Over the years doom metal has become a genre that encompasses a wide variety of sounds. You need look no further than Candlemass and Electric Wizard to see what I mean. Much like death and black metal, doom comes in many forms, and the split between Keeper and Sea Bastard is an excellent example of this. Though both bands have more sonic common ground than Candlemass and Electric Wizard, they’re still two very different animals.
The first half of the split is dedicated to a monolithic track entitled “777,” by California’s Keeper. The droning (yet crushingly heavy) guitars remind me of noise-mongers SunnO))), particularly in terms of tone and pacing. Lurching and siren-like, the guitars create a nightmarish landscape with a slightly blackened tone, backed by shrieking vocals in the vein of Lord Mantis and Indian. There’s not much in the way of variation for the duration of the 14 minute track, but fans of this type of doom are preconditioned to ride it out anyway, and the riffs are heavy enough that all is forgiven, and time passes by pretty quickly.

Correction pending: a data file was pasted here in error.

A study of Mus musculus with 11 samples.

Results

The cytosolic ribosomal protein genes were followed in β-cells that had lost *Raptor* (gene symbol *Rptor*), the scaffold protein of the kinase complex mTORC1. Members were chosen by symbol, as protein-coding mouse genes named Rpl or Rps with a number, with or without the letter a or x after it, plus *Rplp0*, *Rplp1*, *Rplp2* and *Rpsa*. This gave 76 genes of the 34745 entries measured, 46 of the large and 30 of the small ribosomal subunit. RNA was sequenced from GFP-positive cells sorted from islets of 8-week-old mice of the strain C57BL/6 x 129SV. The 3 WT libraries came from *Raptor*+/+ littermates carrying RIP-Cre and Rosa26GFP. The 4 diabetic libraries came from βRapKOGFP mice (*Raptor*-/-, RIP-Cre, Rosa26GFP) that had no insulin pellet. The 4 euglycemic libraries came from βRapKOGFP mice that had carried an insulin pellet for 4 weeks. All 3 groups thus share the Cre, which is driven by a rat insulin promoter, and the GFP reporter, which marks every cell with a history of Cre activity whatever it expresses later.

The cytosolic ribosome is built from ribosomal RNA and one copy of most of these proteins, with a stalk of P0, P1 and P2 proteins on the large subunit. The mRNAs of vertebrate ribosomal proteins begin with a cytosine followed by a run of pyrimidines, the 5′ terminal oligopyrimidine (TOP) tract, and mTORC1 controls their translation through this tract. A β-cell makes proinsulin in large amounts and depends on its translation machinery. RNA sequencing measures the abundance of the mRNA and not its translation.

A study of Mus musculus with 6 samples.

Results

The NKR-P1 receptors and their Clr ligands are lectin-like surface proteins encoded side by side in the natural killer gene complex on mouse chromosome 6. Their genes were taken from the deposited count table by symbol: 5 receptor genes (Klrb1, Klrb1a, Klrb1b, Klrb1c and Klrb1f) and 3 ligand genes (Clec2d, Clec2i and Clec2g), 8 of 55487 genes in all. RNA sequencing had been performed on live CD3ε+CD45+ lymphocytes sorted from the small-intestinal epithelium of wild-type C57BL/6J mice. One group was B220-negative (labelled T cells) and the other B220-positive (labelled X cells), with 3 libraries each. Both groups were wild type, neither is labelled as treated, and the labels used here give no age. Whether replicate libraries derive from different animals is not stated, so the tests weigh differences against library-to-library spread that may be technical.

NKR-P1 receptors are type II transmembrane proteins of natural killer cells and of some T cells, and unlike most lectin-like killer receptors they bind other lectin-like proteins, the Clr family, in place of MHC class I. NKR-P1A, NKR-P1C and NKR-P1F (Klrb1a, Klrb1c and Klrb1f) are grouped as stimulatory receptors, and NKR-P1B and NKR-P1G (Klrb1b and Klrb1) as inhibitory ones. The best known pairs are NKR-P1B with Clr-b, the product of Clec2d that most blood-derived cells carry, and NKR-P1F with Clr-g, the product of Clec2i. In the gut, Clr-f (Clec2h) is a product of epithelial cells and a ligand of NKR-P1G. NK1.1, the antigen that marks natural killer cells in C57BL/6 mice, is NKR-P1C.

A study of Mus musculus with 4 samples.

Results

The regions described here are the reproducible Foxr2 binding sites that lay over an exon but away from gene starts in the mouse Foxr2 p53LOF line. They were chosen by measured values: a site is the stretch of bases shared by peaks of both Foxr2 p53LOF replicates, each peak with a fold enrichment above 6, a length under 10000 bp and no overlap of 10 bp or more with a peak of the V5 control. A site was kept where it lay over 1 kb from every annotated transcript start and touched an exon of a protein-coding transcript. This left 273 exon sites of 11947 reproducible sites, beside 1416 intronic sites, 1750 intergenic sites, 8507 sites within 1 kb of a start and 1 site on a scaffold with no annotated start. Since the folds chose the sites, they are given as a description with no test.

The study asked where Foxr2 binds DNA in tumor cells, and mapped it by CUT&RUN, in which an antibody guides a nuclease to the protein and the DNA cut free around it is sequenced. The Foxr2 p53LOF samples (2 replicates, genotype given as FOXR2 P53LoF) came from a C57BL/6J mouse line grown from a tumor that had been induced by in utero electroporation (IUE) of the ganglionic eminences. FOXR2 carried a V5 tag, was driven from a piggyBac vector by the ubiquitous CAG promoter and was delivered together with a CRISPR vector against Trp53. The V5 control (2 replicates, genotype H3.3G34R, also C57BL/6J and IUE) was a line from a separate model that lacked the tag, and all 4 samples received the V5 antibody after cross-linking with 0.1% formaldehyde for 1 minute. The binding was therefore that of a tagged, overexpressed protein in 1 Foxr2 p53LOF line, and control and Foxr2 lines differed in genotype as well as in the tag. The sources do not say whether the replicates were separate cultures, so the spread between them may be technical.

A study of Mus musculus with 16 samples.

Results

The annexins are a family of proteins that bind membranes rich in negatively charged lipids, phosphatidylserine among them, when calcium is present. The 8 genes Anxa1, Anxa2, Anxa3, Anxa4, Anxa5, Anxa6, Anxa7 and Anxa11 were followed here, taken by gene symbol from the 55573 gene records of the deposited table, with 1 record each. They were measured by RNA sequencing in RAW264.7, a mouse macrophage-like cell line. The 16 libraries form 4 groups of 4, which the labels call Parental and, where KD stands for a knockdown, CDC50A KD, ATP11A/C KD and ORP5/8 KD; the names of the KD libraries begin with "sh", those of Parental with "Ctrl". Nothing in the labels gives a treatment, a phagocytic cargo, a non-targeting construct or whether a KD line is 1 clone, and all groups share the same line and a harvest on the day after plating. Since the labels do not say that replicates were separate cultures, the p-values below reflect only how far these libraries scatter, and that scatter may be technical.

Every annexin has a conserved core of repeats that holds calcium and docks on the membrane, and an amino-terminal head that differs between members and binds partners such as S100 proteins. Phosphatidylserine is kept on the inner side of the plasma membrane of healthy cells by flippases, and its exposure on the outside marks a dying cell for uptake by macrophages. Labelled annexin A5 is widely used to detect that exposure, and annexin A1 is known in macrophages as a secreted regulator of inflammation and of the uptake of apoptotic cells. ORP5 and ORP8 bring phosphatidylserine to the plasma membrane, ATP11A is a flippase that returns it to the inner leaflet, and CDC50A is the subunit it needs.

On the flip side, UK’s Sea Bastard offer up a slab of heavy doom in the form of “Astral Rebirth,” clocking in at nearly 21 minutes! Much like Keeper, Sea Bastard have a repetitive, hypnotic riff that stretches out over the length of much of the song, but where Keeper delve into drone/black metal territory, Sea Bastard opt for a sludgy, crust-influenced doom sound, similar to Samothrace. Chord changes take a while to pan out, but when they do it is well worth the tense build up, and will have your head bobbing along. The vocals are a deeper death-growl style than those on the Keeper track, which serves to separate the two bands’ sound even further. Around 8 minutes in, the drums and vocals drop out, leaving the guitars to slug it out with a sound akin to Special Low-Frequency Version-era Earth, before picking up the pace with higher pitched shrieks and faster drums, complete with double bass.
This split is definitely in the running for being one of the heaviest doom releases of 2015. There’s just enough difference between the two bands to make this a diverse sounding record, despite only containing two songs, and listeners will no doubt want to delve in to the discography of each band.